The new L.A. County sheriff was elected as a progressive, but concerns are growing about future of reforms
In his longshot bid to become Los Angeles County sheriff, Alex Villanueva succeeded by appealing both to a heavily Democratic constituency and the rank-and-file deputies he hoped to lead.
But part of his platform hinged on questioning some recent reforms that long have been a wedge between deputies and many progressive groups.
As Villanueva prepares to take office next week, there are growing concerns about the future of reforms imposed after a federal investigation found serious wrongdoing by top department officials and a culture of violence against inmates in the jails.
On the campaign trail, Villanueva, 55, lamented that deputies were being unfairly treated, criticized the requirements for reporting minor uses of force and suggested metal flashlights be reintroduced so that deputies could defend themselves against jail inmates.
The sheriff-elect, who retired as a lieutenant in February after three decades with the department, also sharply faulted Sheriff Jim McDonnell for attempting to give local prosecutors the names on a secret list of deputies who have histories of discipline for dishonesty and similar misconduct.
On Tuesday, hours after conceding the race, McDonnell expressed hope that the reforms he championed would continue.
“We went from being that fractured organization to one that is upholding the mandate of fairness, accountability and transparency,” he said. “Those are hallmarks, those are milestones and points of comparison to be able to look at when you try to judge a department.”
Some watchdogs worry that Villanueva’s platform could undermine some of the progress made under McDonnell. Before McDonnell won election as sheriff in 2014, the former Long Beach police chief served on a county blue-ribbon commission that called for sweeping reforms of the department to deal with jail abuse and mismanagement.
“I get really nervous hearing that we should make changes like bringing back Maglite flashlights, which can be a deadly force weapon in the jails, and changing the use-of-force reporting requirements,” said Peter Eliasberg, chief counsel for the American Civil Liberties Union of Southern California.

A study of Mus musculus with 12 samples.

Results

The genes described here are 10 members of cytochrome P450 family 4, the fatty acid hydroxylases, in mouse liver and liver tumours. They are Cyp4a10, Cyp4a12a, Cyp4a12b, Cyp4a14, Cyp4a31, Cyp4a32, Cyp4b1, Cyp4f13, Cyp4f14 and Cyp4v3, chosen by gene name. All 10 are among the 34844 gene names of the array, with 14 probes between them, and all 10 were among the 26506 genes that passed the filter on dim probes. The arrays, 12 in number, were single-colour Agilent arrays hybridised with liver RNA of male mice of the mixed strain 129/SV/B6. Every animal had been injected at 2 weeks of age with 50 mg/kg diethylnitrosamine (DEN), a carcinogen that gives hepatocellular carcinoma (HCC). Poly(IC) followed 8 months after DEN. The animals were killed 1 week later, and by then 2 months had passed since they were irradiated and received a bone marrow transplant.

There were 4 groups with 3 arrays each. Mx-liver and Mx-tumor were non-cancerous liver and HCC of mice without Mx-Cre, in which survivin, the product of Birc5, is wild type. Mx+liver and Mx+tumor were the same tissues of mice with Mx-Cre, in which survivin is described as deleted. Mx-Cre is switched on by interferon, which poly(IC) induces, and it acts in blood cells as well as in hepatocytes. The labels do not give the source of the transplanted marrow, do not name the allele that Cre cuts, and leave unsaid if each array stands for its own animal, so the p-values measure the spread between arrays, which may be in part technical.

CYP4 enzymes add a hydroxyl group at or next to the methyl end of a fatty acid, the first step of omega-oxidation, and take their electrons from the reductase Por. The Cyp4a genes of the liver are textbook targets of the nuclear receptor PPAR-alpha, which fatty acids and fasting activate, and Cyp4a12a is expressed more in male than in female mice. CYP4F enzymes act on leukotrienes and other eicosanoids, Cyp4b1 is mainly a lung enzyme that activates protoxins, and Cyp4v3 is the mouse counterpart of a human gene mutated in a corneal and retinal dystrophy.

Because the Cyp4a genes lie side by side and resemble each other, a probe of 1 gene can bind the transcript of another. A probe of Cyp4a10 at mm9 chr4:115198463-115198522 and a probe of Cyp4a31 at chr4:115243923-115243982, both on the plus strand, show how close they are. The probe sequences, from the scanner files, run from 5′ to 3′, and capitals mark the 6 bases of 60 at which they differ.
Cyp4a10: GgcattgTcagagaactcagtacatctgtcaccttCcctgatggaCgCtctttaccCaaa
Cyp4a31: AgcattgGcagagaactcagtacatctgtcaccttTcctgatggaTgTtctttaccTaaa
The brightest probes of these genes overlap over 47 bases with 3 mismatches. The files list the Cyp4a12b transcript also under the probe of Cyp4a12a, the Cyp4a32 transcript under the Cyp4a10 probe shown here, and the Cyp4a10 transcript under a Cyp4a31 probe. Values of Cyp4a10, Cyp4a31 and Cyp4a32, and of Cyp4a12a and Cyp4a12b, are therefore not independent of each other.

“Those changes were recommended and put in place to address an extremely serious problem,” he said.
Serious force against inmates dropped significantly under McDonnell. But Villanueva has said a new kind of jail violence — attacks by inmates on deputies — needs to be addressed. In 2017, there were 643 assaults on jail employees, up 50% from 2015, when there were 429 assaults, according to department statistics.
“If we showed the public pictures of deputies assaulted by inmates, what they look like, they would have an entirely different appreciation of what we’re talking about,” Villanueva has said.
Danny Leserman, Villanueva’s spokesman, said the sheriff-elect is not considering relaxing standards in the jails or rolling back reforms, but rather wants to review the department’s policies closely so that they are more efficient while still holding deputies accountable.
Villanueva has also said he would expedite the implementation of body cameras for deputies, a project that has dragged for years because of budget concerns.
Among other changes Villanueva has proposed is eliminating the jobs of the department’s constitutional policing advisors , who were hired by McDonnell to act as internal watchdogs and have counterparts at the Los Angeles Police Department. The advisors have been frequent targets of the Assn. for Los Angeles Deputy Sheriffs, the union that represents rank-and-file deputies and spent at least $1.32 million supporting Villanueva.
Diana Teran, one of the advisors, said she has advocated for policies that would bar deputies from telling federal immigration agents about a person’s immigration status and a rule that would disallow deputies who fire their weapons from viewing video footage of the incidents before giving a statement.
Teran, a former prosecutor and criminal defense attorney, also supported requirements that internal investigators interview deputies in non-hit shootings within weeks, rather than up to a year after an incident, as was previously happening in the agency.
“This position is advocating for those people that nobody else would advocate for, the people that are arrested, the people that are incarcerated,” she said. “There’s no one else inside the department whose sole job is to advocate for the constitutional rights of those individuals.”
Among her more sweeping projects was recommending that McDonnell give prosecutors the names of deputies with histories of misconduct in their files — information that could be subject to disclosure to defendants in criminal cases. That roster, known as the Brady list, became the center of a legal battle between McDonnell and ALADS, which opposes disclosure and went to court to stop it.
Villanueva, who says he was the victim of unjust discipline while with the department, has criticized the Brady list as a “fake list” that often reflects unfair and retaliatory actions against deputies. He’s proposed a “truth and reconciliation” process to give deputies the chance to seek redress if they feel they were unfairly punished in the past. It’s unclear how he will handle the legal fight over the list, a case that’s now in front of the state Supreme Court.
Robert Bonner, a former federal judge who sits on the Sheriff Civilian Oversight Commission, said having constitutional policing advisors is considered a best practice for police agencies across the country.
“These are people with knowledge and expertise with respect to issues related to excessive and unlawful uses of force. To the extent [Villanueva] thinks he doesn’t need that, I hope he’ll reconsider,” Bonner said.